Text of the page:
Violence at iPhone plant in China: Foxconn offers staff $1,400 to leave

Foxconn Technology Group is reportedly offering $1,400 ( 1,14,354) to any workers who choose to leave in order to appease the disgruntled new hires who played a central role in violent protests that rocked the world’s largest iPhone factory on Wednesday.  The workers clashed with security personnel over pay and living conditions at the plant. The sum will be paid in two installments, according to Bloomberg news agency.

The incentive, which in general exceeds a month’s wages for Foxconn’s blue-collar staff, is likely to placate some employees who staged a rare violent protest that trained a spotlight on the economic and social toll of Chinese President Xi Jinping’s Covid Zero strategy.

Hundreds of workers clashed with the security personnel as tensions boiled over after almost a month under tough restrictions intended to quash a Covid outbreak.

As per the news agency, one of the reasons behind the unrest is that workers found out they wouldn’t receive the higher wages they had been promised unless they stayed at the factory through March.

The $1400 payment would compensate people unhappy with that restriction for their travel back home.

Hundreds of workers joined protests at Foxconn’s flagship iPhone plant in China, with some men smashing surveillance cameras and windows, footage uploaded on social media showed. The rare scenes of open dissent in China mark an escalation of unrest at the massive factory in Zhengzhou city that has come to symbolise a dangerous build-up in frustration with the country’s ultra-severe Covid rules.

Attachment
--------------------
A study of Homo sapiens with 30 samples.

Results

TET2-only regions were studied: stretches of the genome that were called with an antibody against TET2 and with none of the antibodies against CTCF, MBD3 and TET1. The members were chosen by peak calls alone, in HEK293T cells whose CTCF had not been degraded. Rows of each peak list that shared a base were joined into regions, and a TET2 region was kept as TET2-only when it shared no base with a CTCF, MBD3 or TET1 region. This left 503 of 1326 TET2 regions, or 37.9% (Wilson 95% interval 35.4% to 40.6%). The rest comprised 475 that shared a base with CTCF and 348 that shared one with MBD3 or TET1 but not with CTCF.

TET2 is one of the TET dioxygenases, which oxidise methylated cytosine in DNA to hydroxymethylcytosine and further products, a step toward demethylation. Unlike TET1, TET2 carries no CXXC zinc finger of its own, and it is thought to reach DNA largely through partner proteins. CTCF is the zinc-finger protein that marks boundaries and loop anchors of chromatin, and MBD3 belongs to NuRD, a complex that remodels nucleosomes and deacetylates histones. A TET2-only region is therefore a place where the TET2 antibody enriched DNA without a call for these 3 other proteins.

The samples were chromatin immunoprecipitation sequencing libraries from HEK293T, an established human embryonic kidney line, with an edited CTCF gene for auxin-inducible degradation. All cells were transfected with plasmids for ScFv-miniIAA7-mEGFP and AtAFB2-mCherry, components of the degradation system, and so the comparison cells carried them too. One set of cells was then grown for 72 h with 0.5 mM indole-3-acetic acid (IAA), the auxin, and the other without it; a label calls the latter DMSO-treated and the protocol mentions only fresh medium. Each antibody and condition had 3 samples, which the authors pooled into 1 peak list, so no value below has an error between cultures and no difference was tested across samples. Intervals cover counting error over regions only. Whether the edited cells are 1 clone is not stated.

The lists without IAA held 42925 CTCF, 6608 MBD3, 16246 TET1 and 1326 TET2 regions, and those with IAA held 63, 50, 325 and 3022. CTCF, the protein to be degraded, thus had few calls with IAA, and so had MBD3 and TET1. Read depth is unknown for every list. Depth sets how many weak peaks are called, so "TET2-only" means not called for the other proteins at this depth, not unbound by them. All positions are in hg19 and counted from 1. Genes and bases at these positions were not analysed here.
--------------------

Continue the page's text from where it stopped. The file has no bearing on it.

The trigger for the protests appeared to be a plan to delay bonus payments, many of the demonstrators said on Livestream feeds. “Give us our pay!”, chanted workers surrounded by people in full hazmat suits, some carrying batons, according to footage from one video. Other footage showed tear gas being deployed and workers taking down quarantine barriers. Some workers had complained they were forced to share dormitories with colleagues who had tested positive for Covid-19.

Mounting dissatisfaction among Foxconn’s ranks threatens to further disrupt production at a plant that cranks out the majority of Apple’s marquee devices for shipment around the world. The US company has already warned it will ship fewer devices than anticipated during the critical holiday quarter, while wait times for iPhones have ballooned in some cases to after Christmas.

Hours after the Zhengzhou violence, the local government announced “mobility controls” over parts of the city through 29 November– an effective lockdown that could hamper efforts to recruit new workers to replace those who leave.